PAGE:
021 434 778

How do you train kittens?

How do you train kittens?

What has training kittens got to do with business or self-development?  Heaps actually … it requires patience in spade loads, something we require in everything we do and participate in.   

I thrive on getting things done and achieving results as I love the thrill of getting the doing done.  In the process of achieving, there’s often speed hump that can slow progress and that is when patience is required.  I define this as the ability to take or make time, to do what needs to be done first, so that you can get on with the rest of the doing.  Over the last few years, I’ve been consciously aware of my need to develop patience – particularly outside of the work arena.  It’s not easy to be patient in a supermarket queue when you have other things to do, or in traffic when you really would like to be somewhere else, or when you’re on hold waiting for information.  I thought I had made huge progress until we got three wee furballs (aka kittens) … all of them rescued strays from the SPCA who have been our babies for four weeks now. 

In the book ‘The To-Be List’ patience is described as your ability to persist under difficult circumstances.  I agree.  Three kittens can create difficult circumstances!  Patience is required to learn and develop new skills – we were patient when we learned to walk and when we were learning a new hobby – something we really wanted to do.  Patience is also required to teach new skills – especially three kittens who have come from three different stray litters severely lacking in manners!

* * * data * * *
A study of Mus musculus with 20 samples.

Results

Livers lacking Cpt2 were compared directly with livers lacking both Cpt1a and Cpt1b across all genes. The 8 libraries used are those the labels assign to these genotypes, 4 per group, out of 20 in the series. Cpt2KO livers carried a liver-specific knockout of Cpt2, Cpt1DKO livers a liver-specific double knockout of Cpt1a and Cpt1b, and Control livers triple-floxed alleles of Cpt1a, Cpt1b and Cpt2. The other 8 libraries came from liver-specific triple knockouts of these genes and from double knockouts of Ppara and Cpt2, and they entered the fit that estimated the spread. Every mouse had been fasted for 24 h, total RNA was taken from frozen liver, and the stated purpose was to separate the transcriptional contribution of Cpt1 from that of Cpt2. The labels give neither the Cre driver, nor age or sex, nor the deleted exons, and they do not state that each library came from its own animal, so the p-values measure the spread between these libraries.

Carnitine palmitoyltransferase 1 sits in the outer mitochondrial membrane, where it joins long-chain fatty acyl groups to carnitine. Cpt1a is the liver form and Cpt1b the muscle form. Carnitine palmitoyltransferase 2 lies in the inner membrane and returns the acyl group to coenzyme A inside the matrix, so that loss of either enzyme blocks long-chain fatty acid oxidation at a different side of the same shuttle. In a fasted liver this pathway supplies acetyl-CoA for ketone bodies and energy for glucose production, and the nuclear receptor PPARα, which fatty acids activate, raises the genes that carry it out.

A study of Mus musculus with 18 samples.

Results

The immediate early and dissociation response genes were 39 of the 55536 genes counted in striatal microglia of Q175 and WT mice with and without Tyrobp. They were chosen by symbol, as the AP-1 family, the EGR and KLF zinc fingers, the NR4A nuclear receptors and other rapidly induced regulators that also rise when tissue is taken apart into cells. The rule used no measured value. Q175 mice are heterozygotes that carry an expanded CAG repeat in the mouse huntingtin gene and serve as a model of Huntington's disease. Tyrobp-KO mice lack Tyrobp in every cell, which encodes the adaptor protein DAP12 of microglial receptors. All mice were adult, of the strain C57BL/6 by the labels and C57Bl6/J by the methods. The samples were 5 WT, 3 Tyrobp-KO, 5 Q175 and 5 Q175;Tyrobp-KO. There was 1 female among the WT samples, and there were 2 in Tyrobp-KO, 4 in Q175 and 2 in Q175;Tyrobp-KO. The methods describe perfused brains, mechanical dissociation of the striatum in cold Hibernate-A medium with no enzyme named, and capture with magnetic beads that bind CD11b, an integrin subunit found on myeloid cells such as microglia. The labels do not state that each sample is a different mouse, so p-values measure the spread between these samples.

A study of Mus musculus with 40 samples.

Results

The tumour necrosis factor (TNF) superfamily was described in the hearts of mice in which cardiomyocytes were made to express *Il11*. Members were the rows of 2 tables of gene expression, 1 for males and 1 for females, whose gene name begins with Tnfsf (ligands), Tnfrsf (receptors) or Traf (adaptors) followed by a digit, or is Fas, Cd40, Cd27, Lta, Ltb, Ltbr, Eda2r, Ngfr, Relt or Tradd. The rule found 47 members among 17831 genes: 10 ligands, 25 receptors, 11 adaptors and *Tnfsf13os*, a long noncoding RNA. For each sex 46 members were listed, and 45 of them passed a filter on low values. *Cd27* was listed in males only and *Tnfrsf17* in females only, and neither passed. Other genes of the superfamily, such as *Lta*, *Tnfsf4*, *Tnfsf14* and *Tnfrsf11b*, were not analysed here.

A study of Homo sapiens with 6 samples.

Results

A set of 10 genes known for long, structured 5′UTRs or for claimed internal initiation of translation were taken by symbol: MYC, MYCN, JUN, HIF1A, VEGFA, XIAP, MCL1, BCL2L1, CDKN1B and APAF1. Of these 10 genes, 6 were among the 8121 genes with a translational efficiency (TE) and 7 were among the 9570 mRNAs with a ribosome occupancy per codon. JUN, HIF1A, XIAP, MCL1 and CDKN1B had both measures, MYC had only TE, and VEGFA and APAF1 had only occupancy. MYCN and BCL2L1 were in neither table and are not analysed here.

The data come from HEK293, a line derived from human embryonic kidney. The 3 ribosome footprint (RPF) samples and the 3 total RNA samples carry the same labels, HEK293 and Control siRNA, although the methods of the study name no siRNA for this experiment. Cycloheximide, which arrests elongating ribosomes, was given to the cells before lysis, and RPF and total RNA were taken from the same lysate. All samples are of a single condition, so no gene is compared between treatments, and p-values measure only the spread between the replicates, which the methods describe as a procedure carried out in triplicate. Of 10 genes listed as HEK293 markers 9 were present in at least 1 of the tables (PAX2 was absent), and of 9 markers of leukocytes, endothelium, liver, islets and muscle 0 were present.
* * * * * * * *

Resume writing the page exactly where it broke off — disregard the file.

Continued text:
How do you stop kittens from acting like manic sharks at feeding times?  How do you get kittens to stay off the bench?  These are two major challenges I have before me that I need to develop patience with.  I think I know what’s next on the list of potential solutions, however I’d really love your ideas too because we’ve tried them all … pepper, onions, water, tin foil …

I know they are babies and they are very cute and furry and purry when they’re playing or sleeping, however at feeding time they turn into ravenous beasts, ready to chew off a leg or an arm – mainly mine. 

Upon reflection I guess it can be the same us humans when we’re learning and want to get the end result; or when we’re teaching or training others. 

Patience is about being aware of the difficulties that will arise along the way and making or taking the time when you experience the challenge.  The only difference between the challenge now and the success we desire is time.  New skills take time and practice to develop.  Even if you have to say ‘no’ and ‘down’ a lot of the time!

As Michelangelo said, “Genius is eternal patience”.  Choose to be patient.  I am!